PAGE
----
Moody's is going to start building the risk of a business-ending hack into its credit ratings
- The new head of Moody's Cyber Risk Group discusses how it plans to start looking at rating the cyber risk of companies and organizations.
- Within the next quarter, the company intends to outline a list of industries it will consider in a higher risk category for cyber incidents.
- Several companies — ranging from consumer credit firms to insurance companies — are investing in credit risk ratings and research, but there remains a lack of clarity on cyber risk for investors.
Moody's will soon start using its credit-rating expertise to evaluate organizations on their risk to a major impact from a cyberattack.
That move might be a game-changer for many institutional and individual investors, who often struggle to quantify the potential impact of a significant cybersecurity incident into a meaningful rating. Ratings agencies including Moody's have been warning for years that cyber issues, including lax controls or a meaningful breach, could lead to a downgrade. But this is a first real step toward codifying those predictions.
"For us, it's not something we view as a totally new idea," said Derek Vadala, who was named Oct. 17 to a new role heading Moody's Investors Services Cyber Risk Group. "We've been in the risk management business for a very long time. This is to enhance our thinking about credit as cyber becomes more and more important."
Moody's gives ratings — ranging from AAA to C — that are used to determine creditworthiness for companies, bonds, sovereign countries, structured finance transactions and issuers of infrastructure and project finance. Initially, the company will incorporate cyber risk into its existing credit ratings. After that, Vadala said, Moody's is considering a stand-alone cyber risk rating separate from the credit rank.
"We haven't yet moved a credit rating due to cyber risk or a cyber event, but we see the likelihood of credit-rating impact as steadily increasing," Vadala said. "Different sectors have different levels of credit sensitivity to cyber risk. For those higher-risk sectors, there will be impact down to the individual issuer-level over time."
Though they aren't yet saying which sectors will get scrutiny first, several stand out as especially exposed to risk from a cybersecurity crisis: The defense-industrial industry, financial sector, health care and critical infrastructure operators like energy, water, waste management and first responders all are considered high-risk categories.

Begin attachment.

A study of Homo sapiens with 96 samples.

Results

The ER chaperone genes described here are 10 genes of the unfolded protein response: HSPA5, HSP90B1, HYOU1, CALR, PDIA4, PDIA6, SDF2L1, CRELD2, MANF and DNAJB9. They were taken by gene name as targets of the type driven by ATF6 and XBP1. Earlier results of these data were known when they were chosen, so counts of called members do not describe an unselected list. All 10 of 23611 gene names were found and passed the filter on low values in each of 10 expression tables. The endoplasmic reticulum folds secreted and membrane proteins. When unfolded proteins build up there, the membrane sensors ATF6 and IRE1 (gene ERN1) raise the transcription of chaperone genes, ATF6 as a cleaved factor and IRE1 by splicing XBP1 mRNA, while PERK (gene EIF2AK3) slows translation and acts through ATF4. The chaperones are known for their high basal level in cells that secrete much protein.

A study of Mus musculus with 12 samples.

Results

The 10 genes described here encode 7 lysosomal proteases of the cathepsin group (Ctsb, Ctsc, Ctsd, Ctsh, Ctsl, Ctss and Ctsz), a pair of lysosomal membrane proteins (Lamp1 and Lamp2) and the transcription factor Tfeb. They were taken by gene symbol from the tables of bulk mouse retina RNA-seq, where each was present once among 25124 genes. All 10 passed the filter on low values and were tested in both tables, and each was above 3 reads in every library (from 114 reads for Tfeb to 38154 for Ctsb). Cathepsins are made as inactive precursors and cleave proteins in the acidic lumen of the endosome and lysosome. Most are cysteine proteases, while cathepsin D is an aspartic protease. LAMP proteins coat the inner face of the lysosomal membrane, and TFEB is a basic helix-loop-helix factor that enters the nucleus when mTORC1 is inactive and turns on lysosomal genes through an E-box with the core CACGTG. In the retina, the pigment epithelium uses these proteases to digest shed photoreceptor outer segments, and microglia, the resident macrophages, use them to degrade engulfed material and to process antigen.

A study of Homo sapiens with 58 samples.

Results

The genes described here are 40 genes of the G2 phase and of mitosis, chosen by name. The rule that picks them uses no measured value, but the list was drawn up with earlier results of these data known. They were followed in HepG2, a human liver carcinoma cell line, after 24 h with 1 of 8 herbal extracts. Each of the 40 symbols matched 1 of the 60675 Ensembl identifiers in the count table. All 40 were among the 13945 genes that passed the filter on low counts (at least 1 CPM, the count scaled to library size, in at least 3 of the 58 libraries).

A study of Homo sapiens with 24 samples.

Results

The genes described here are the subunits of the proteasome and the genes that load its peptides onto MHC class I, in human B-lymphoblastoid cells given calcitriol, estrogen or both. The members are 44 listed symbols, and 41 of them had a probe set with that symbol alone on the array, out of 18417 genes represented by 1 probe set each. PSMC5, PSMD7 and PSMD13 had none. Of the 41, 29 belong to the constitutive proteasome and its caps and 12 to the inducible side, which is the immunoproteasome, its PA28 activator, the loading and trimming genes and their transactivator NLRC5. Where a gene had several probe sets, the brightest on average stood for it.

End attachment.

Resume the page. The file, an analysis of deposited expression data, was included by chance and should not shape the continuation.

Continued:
Risks related to cyberattacks today aren't as linear as simple costs associated with cleaning up a breach, paying for credit monitoring or replacing fried computers. Companies that don't fall into these categories — for instance, Equifax — can see their core businesses heavily damaged, which is why the Cyber Risk Group also will focus assessments on reputational hazards.
"We're looking into different types of scenarios, to get into the details of what might affect certain companies," he said.
"If you look at the history of data breach and data disclosure issues, they're not quite as impactful as the business disruption events," Vadala said. "There are very specific scenarios that could apply to different companies in different sectors. An organization, for instance, that is involved in manufacturing has a much higher exposure to ransomware than another sector."
Quantifying cyber risk is a crowded marketplace, but it lacks a clear leader.
One of the better-known players is Fair Isaac, which launched its Cyber Risk Score in 2017. They have marketed the product, which resembles the familiar consumer credit rating scale, toward businesses facing regulatory oversight for cybersecurity that want a quick way to rate the security risk of their third-party providers.
and Fitch have also released guidance on how companies can view cyber risk. Most of the biggest insurance companies (with the notable exception of those managed by Warren Buffet) have cyber policies, alongside a variety of risk assessment and risk management services.
The demand for quantifying risk will increase as attacks move from fairly benign to to those that could break down a business entirely, Vadala said.
"When you think back to the early days of this cyber era, dating back to the Target and Home Depot breaches, this is where [cyber risk] became much more top-of-mind for pros outside the cybersecurity industry. But these weren't business-ending incidents," he said.
"When you flash forward a few years, to the ransomware events that occurred, the financial impact of that is much more significant. It's still not business-ending at that point, but certainly as that financial impact continues to rise, the probability of one of these events creating a deep financial impact also rises."